Chancellor’s Regulation A-663 establishes procedures for ensuring that LEP parents are provided with a meaningful opportunity to participate in and have access to programs and services critical to their child’s education. Chancellor’s Regulation A-663 requires language services in the nine most common languages other than English spoken by parents of New York City school children. Based on the DOE’s Home Language Identification Survey these languages are Arabic, Bengali, Chinese, French, Haitian Creole, Korean, Russian, Spanish and Urdu (hereinafter referred to as the “covered languages”). These languages, including English, account for over 95% of student households. Support in additional languages is available through contracted vendors. The regulation sets forth requirements for:
The Translation and Interpretation (T & I) Unit is responsible for spearheading all efforts related to language access at the DOE. It operates within the Division of Family and Community Engagement (FACE) to ensure that language access is a key consideration in all parental engagement initiatives and communications. The Unit:
A. Interpretation Chancellor’s Regulation A-663 requires that the DOE provide interpretation services, either at the school/office where the parent is seeking assistance or by telephone, to the maximum extent practicable, during regular business hours to parents whose primary language is a covered language and who request such services in order to communicate with the DOE regarding critical information about their child’s education. Over-the-phone interpretation services are available to all schools and offices during regular business hours in over 150 languages. These services can be accessed by contacting the T & I Unit but are provided by a contracted vendor. Language identification is done by either:
Interpretation services also must be provided at the following citywide meetings:
These events are conducted throughout the City and are typically covered with interpreters from a contracted vendor. Languages to be provided are pre-identified by either:
B. Translation Chancellor’s Regulation A-663 requires that documents produced by central DOE offices and schools which contain critical information regarding a child’s education must be translated into the covered languages. Documents containing critical information that are translated include, but are not limited to, the following areas:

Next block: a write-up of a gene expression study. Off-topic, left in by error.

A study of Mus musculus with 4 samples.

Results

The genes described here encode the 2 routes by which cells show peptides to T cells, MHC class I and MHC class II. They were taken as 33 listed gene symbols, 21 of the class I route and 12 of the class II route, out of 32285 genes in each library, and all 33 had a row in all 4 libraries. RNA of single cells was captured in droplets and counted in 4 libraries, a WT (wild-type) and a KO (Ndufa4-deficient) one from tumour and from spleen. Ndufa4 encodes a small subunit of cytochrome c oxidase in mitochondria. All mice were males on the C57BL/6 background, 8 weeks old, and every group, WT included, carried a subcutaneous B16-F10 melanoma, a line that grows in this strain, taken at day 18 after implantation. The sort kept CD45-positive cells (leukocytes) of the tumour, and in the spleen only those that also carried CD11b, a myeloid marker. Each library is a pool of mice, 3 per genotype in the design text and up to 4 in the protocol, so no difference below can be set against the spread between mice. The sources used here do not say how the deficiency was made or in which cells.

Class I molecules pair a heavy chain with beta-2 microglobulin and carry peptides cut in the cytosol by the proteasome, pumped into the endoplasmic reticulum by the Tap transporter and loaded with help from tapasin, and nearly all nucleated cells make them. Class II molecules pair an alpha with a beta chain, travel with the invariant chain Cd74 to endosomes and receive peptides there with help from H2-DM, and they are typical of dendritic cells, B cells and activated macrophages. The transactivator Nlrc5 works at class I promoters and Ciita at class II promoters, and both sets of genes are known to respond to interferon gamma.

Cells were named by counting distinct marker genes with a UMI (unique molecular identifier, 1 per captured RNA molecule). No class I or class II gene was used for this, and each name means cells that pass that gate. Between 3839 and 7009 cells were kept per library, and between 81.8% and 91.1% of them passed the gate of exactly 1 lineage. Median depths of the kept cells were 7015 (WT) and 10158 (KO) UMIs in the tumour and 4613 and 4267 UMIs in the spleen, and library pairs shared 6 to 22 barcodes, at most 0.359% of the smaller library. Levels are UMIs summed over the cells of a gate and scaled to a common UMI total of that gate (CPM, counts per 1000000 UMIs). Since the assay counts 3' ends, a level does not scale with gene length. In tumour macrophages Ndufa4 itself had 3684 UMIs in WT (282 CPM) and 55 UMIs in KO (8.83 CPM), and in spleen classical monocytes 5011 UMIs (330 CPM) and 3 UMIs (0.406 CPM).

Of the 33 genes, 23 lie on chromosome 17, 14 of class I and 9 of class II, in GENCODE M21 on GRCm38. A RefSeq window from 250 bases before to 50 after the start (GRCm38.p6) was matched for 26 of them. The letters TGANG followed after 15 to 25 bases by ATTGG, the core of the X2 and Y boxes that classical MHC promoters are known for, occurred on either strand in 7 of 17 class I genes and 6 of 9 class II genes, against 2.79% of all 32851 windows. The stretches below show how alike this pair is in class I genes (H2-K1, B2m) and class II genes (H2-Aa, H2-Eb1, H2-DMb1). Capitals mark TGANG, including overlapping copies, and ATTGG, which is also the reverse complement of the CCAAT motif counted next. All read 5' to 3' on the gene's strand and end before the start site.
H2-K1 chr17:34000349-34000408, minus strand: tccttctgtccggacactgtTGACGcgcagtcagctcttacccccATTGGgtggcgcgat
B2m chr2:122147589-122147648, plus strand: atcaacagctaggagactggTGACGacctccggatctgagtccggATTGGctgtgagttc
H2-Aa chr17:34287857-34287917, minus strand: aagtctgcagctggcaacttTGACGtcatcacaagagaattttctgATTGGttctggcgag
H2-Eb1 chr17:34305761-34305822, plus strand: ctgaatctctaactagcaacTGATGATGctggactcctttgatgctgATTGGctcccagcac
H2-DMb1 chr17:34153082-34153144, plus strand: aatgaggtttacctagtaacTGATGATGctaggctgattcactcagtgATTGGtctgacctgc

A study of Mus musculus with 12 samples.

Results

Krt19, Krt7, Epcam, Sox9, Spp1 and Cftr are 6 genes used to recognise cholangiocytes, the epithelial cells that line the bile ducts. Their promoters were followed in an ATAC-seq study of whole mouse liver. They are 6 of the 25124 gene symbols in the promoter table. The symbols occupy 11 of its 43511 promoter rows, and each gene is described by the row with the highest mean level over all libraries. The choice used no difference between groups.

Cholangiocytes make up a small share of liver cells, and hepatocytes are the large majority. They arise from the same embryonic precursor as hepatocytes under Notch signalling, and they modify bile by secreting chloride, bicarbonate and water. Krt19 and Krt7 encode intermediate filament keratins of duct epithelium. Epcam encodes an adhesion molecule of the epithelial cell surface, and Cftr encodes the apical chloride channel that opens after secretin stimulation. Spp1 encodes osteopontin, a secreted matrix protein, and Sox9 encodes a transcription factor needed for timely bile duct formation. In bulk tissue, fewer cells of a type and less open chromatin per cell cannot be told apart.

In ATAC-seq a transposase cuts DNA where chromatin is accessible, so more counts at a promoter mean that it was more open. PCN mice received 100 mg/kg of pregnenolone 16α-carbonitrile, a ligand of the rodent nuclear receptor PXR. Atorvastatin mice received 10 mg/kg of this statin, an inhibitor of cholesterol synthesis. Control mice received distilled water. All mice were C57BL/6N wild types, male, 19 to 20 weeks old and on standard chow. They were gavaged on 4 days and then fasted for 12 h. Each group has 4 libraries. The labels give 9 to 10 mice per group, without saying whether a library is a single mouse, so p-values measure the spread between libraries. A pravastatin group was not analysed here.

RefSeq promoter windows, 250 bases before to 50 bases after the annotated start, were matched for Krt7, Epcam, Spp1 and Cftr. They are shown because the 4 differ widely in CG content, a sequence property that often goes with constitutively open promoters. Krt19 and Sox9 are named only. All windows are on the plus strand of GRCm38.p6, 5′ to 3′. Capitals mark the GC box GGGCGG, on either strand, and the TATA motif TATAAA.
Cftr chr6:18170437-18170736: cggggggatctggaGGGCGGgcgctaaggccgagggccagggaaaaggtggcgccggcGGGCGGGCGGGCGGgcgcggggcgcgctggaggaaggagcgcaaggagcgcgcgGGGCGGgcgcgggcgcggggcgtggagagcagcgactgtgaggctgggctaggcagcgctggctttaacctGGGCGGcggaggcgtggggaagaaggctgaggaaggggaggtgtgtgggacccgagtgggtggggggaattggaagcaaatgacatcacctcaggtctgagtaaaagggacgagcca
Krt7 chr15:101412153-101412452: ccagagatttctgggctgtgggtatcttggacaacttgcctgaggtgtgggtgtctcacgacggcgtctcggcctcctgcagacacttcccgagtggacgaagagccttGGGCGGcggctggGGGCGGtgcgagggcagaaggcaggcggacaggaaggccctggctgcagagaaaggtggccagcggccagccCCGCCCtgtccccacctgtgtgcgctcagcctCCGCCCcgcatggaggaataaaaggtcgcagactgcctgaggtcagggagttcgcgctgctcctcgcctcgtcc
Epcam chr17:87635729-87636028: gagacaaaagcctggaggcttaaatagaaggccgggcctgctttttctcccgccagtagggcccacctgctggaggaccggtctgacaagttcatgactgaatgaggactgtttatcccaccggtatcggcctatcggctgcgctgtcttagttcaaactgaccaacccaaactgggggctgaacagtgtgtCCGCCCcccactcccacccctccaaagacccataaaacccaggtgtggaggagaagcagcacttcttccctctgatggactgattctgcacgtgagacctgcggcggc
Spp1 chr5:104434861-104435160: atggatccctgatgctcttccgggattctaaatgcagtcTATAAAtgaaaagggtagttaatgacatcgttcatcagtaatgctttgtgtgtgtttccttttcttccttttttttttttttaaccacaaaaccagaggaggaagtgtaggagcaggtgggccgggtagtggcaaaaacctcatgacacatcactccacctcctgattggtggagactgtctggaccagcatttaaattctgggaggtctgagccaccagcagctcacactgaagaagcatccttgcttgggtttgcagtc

The T & I Unit is responsible for translating the majority of these documents into the covered languages. Translations into non-covered languages are obtained from qualified contracted vendors. All of the translation work produced by the T & I Unit is translated by DOE employed translators and go through a quality control review before being finalized. DOE translators are aided by translation tools, such as translation memory software, bilingual glossaries of DOE terminology, and foreign-language style guides.
The T & I Unit distributes multilingual posters to all DOE public schools and district offices throughout the City at the beginning of each school year. Schools are required to post these posters in a highly visible location. These posters provide LEP parents instruction on where and how to obtain interpretation services. The Unit also makes available, on its website, additional multilingual signage (including directional signs) that schools and offices can download, print and post. FACE conducts spot checks on schools throughout the year to ensure that appropriate translated signs are visible to parents who visit the school. The DOE makes available to parents the Parents’ Bill of Rights and A Parent’s Guide to Special Education in the covered languages. Both documents make parents aware of their rights to languages services. These documents are distributed to parents at the beginning of each school year and can also be accessed on the DOE’s website (www.schools.nyc.gov).
Training of field staff is critical for the success of the Department of Education’s language access initiatives. Training on the requirements of Chancellor’s Regulation A-663 along with the available resources to comply with these requirements, is provided to appropriate school based staff and field personnel. The training module includes information on:
Ensuring the quality of our language services is critical to communicating effectively with our LEP parents. The T & I Unit works in collaboration with other DOE offices to rollout the following evaluation mechanisms to ensure the successful implementation of its language access initiatives:
In addition, the T & I Unit maintains records of all service requests received for written translation services, on-site interpretation services, and over-the-phone interpretation services from all DOE schools and offices.------------------------------------------------------------------------------  The term “parent” means the student’s parent(s) or guardian(s), or any person(s) in a parental or custodial relationship to the student.